University class boycotts kicked off yesterday, and organisers said 13,000 people attended the rally at Chinese University. While classrooms may be emptier than usual today, university students will attend public lectures conducted by scholars, beginning at 10am today.
Meanwhile, some secondary school students have been wearing yellow ribbons as a show of support, and are organising their own boycotts this Friday. This will be the first time secondary school students have taken part in a boycott since the handover in 1997. Convenor of student activist group Scholarism, Joshua Wong Chi-fung, said he hopes more than 100 students will join.
According to an online survey conducted by Young Post last week, in which 223 secondary students from all of Hong Kong's 18 districts responded, 21.5 per cent said they would participate in the class boycott. Among these, 77 per cent said it was to protest against the political reform package, while 43.8 per cent believe it will have an impact on Beijing's decision. More than half thought the boycotts were meaningful, while 14.5 per cent said it was just a good excuse to skip school.
Those who said they would stay in class would do so for two main reasons: they didn't want to affect their studies, and they didn't believe the boycotts would be effective in changing the current situation (both 48.6 per cent). "It's my last year in school, so [boycotting classes] will definitely affect my DSE result," one respondent wrote. Another Form Six student wrote: "I would join, too, if my parents weren't so academics-oriented."
Nearly a quarter said parents discouraged the boycott. Some 43.4 per cent also said they didn't agree with this form of protest. "I just think it's none of my business ... if I boycotted classes, I know I would regret it in the future," wrote a Form Four student. "Anyway, I don't think we can change [Beijing's stance], so why can't we just accept [their political package]?"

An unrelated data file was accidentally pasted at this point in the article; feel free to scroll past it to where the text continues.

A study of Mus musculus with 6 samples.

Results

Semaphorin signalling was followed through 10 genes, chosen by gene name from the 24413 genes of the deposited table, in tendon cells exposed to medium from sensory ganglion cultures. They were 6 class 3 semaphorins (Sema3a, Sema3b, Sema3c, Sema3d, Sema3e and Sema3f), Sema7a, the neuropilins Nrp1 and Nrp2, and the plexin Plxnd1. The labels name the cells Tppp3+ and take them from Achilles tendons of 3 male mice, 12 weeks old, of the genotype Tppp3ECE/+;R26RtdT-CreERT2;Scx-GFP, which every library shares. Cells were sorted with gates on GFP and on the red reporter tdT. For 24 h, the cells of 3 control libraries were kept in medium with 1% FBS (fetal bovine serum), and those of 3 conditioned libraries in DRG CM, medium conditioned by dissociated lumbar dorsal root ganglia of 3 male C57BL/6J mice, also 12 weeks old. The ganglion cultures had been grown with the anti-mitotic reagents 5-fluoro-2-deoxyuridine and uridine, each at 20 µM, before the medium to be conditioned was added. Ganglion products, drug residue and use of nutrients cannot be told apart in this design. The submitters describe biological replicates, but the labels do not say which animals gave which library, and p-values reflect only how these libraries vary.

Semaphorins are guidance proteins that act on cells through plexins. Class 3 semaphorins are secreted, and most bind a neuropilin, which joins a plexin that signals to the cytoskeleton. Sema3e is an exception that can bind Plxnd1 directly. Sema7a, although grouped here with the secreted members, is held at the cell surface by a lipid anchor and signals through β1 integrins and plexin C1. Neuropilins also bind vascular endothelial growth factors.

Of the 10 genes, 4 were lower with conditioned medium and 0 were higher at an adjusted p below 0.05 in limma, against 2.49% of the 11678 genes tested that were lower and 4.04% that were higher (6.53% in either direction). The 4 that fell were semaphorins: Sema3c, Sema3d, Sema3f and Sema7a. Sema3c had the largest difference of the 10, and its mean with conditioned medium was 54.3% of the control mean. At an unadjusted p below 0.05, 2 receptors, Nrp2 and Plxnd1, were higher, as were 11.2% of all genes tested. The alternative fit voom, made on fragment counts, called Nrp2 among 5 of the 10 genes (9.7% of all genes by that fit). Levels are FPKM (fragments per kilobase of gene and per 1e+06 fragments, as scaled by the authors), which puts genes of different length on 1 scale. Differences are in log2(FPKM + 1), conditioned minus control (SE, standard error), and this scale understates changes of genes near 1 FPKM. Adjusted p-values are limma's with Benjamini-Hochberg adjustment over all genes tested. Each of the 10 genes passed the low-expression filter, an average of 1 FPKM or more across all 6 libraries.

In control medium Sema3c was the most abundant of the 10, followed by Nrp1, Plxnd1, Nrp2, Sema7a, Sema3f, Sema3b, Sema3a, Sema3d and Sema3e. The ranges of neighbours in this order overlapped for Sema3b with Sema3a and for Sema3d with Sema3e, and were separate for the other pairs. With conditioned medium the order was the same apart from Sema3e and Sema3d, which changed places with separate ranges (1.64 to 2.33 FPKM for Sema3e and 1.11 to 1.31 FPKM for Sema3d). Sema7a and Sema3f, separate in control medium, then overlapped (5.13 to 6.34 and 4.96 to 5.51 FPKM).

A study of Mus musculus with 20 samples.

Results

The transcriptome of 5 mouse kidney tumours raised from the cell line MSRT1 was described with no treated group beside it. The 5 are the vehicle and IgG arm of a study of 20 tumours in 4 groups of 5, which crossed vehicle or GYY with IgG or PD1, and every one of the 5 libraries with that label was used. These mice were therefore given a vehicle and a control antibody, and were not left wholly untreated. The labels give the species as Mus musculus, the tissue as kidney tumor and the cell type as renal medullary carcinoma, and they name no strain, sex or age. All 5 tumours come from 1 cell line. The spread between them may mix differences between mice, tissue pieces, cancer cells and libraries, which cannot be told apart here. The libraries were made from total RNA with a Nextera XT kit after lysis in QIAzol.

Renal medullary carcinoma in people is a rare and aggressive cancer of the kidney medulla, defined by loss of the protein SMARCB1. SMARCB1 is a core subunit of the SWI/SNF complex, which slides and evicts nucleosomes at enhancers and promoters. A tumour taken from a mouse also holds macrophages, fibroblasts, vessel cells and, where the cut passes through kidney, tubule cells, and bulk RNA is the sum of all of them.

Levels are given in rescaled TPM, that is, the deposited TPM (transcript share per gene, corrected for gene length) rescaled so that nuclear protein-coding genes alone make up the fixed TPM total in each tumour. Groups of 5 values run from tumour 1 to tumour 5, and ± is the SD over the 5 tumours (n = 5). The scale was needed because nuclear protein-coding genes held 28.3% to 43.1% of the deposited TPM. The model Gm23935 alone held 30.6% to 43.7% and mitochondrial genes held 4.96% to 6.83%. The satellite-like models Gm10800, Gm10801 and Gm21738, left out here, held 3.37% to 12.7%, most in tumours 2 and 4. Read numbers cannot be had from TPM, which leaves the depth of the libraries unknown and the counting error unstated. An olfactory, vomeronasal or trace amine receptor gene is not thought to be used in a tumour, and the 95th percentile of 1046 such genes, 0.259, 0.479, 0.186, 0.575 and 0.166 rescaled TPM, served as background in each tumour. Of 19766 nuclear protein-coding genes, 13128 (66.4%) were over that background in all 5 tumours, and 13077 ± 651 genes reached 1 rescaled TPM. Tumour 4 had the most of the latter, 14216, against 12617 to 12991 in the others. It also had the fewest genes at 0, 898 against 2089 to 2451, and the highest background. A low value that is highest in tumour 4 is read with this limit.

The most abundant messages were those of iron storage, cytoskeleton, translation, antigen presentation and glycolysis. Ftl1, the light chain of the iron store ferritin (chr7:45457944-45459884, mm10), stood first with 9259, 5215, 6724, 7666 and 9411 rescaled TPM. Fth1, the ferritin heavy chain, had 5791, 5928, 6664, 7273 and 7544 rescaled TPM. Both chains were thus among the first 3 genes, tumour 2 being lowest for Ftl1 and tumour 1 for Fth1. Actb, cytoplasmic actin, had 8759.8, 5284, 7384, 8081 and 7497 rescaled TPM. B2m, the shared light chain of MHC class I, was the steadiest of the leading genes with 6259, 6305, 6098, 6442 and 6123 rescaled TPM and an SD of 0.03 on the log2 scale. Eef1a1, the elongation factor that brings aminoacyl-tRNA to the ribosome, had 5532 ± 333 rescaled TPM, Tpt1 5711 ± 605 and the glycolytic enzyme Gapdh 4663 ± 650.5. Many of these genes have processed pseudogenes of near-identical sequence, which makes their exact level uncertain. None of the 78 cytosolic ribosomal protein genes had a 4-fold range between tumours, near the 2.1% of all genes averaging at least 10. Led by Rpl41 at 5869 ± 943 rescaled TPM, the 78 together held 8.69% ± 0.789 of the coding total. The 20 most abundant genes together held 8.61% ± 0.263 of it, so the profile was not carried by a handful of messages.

Twenty per cent of the respondents believed Hong Kong should accept China's proposed package, while 61.9 per cent said it shouldn't, and 17.5 per cent said they didn't know.
Some respondents said they wouldn't participate because nobody was arranging anything in their schools, while others chose to stay out because they were "afraid of being threatened". Asked if they would call the anti-Occupy Central hotline if they knew their classmates intended to boycott classes, 12 per cent of the respondents said they would. "I can't let my classmates be used by anti-government forces as political promotional tools," a Form Three student wrote.
Some described measures used by the pro-Beijing forces as "white terror", "hypocritical" and "childish".
"The creation of the hotline is unbelievable, and can be likened to Mao's encouragement of students, children and neighbours to denounce others," wrote a Form Six international school student. Others wouldn't tell on their peers because they respected their personal choice and privacy.
"They shouldn't use such hardline methods to take away our voice. We're one of the stakeholders, too," wrote a Form Five student. "We can think independently and critically, and I don't want the future generation to become politically apathetic because of such measures."
Another Form Five student was purely practical, not wanting to skip classes and then spend a lot more time doing independent study, saying: "I don't want to sacrifice sleep [to self-study], especially when there isn't any long holiday period coming up."